Using a pizza peel really makes making/baking a pizza much simpler. The trick I've learned to do, is:
1. Have the peel sprinkled fairly liberally with corn meal before you work the dough.
2. I repeatedly flour the dough (on a Corian countertop), and pick it up and turn it over so that it can be easily handled and isn't sticky or tending to tear.
3. Then I put the dough on the peel and I shake the peel to make sure the dough slides easily. Be careful, it can slide right off the peel at this point which is something you don't want to have happen!
4. I paint the dough with EVOO. This tends to "waterproof" the dough. I shake the peel again to make sure it still moves easily.
5. I add my sauce, and any meat/vegetable toppings. Again, I shake the peel to make sure the dough, et al, still moves freely.
6. I add my cheeses. I tamp any crumbled cheeses (I use a food processor to chop up my mozzarella) very lightly. I shake the peel again. (Tamping the crumbled cheese lightly helps keep it from moving on its own right off the pizza when shaking the peel).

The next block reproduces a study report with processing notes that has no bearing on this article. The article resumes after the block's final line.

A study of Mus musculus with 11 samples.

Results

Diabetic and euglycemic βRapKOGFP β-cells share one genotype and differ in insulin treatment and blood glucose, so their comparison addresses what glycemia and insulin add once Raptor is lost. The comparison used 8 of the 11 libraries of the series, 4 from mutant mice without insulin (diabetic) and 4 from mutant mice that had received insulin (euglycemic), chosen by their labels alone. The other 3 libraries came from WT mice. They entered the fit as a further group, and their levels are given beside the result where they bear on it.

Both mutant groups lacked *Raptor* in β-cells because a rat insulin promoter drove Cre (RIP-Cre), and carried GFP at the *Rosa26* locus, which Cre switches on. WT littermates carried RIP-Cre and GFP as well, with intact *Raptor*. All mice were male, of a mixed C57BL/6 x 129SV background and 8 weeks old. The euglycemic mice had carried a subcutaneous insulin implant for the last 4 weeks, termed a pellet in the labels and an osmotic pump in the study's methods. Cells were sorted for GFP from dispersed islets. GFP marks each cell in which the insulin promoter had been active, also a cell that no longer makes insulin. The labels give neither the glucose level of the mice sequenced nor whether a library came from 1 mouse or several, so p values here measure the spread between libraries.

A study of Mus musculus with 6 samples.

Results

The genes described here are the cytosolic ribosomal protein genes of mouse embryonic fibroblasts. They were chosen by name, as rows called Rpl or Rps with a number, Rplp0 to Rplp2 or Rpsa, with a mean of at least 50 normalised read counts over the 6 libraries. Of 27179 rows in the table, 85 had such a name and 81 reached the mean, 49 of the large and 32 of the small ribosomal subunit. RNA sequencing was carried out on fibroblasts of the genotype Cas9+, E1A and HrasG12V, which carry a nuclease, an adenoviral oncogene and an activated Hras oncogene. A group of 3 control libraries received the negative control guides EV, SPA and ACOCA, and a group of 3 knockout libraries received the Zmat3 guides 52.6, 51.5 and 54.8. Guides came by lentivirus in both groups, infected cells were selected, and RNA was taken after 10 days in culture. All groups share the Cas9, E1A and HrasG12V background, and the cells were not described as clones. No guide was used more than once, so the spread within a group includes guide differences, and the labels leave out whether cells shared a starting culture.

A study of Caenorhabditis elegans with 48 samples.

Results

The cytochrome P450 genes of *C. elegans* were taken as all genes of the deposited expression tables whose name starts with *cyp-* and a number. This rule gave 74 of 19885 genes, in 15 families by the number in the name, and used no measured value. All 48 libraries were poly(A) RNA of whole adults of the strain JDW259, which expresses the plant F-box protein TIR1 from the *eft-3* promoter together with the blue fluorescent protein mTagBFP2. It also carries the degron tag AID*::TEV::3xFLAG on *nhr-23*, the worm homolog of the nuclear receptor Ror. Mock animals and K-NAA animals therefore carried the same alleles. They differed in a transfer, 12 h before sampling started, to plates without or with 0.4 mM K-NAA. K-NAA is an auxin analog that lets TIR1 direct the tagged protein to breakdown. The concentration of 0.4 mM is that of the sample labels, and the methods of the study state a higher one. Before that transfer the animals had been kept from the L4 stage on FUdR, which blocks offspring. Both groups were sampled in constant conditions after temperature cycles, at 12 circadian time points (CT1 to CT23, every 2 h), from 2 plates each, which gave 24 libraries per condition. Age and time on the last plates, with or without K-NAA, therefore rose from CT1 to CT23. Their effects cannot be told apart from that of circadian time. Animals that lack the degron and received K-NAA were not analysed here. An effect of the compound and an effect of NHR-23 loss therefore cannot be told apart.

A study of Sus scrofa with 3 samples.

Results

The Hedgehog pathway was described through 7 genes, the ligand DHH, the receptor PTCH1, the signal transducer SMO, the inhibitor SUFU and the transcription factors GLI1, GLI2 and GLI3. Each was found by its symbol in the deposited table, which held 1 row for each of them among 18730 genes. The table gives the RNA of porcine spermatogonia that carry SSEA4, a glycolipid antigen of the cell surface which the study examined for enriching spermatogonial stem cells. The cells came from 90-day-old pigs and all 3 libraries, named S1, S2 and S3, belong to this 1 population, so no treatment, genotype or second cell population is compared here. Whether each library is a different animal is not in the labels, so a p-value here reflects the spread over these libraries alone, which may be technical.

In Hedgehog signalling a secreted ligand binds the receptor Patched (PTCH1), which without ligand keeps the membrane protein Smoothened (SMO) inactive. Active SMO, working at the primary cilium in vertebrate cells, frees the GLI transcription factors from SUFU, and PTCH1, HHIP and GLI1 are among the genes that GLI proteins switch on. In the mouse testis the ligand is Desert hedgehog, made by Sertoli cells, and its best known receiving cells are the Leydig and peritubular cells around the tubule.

7. At this point, and assuming the oven stone and oven have been properly heated up, I open the oven door quickly, slide the pizza right onto the stone, shut the door, set the timer for about 10 minutes (my pizza dough weighs approximately 12-13 oz at the time I start massaging it or rolling it out when I'm in a hurry).
Pizza comes out slightly browned on top, and just the way we like it.
Nothing worse than trying to slide the pizza off the peel and only part of it slides. Usually makes a saucy mess on the stone, and high levels of frustration. Even after all these years using the above technique, sometimes the dough still will stick to the peel. This usually happens if I make a thicker pizza with more toppings, and was running out of corn meal or something. More meal, more better. Anyway, some of the corn meal sticks to the bottom of the pizza and increases the crunchiness when its done.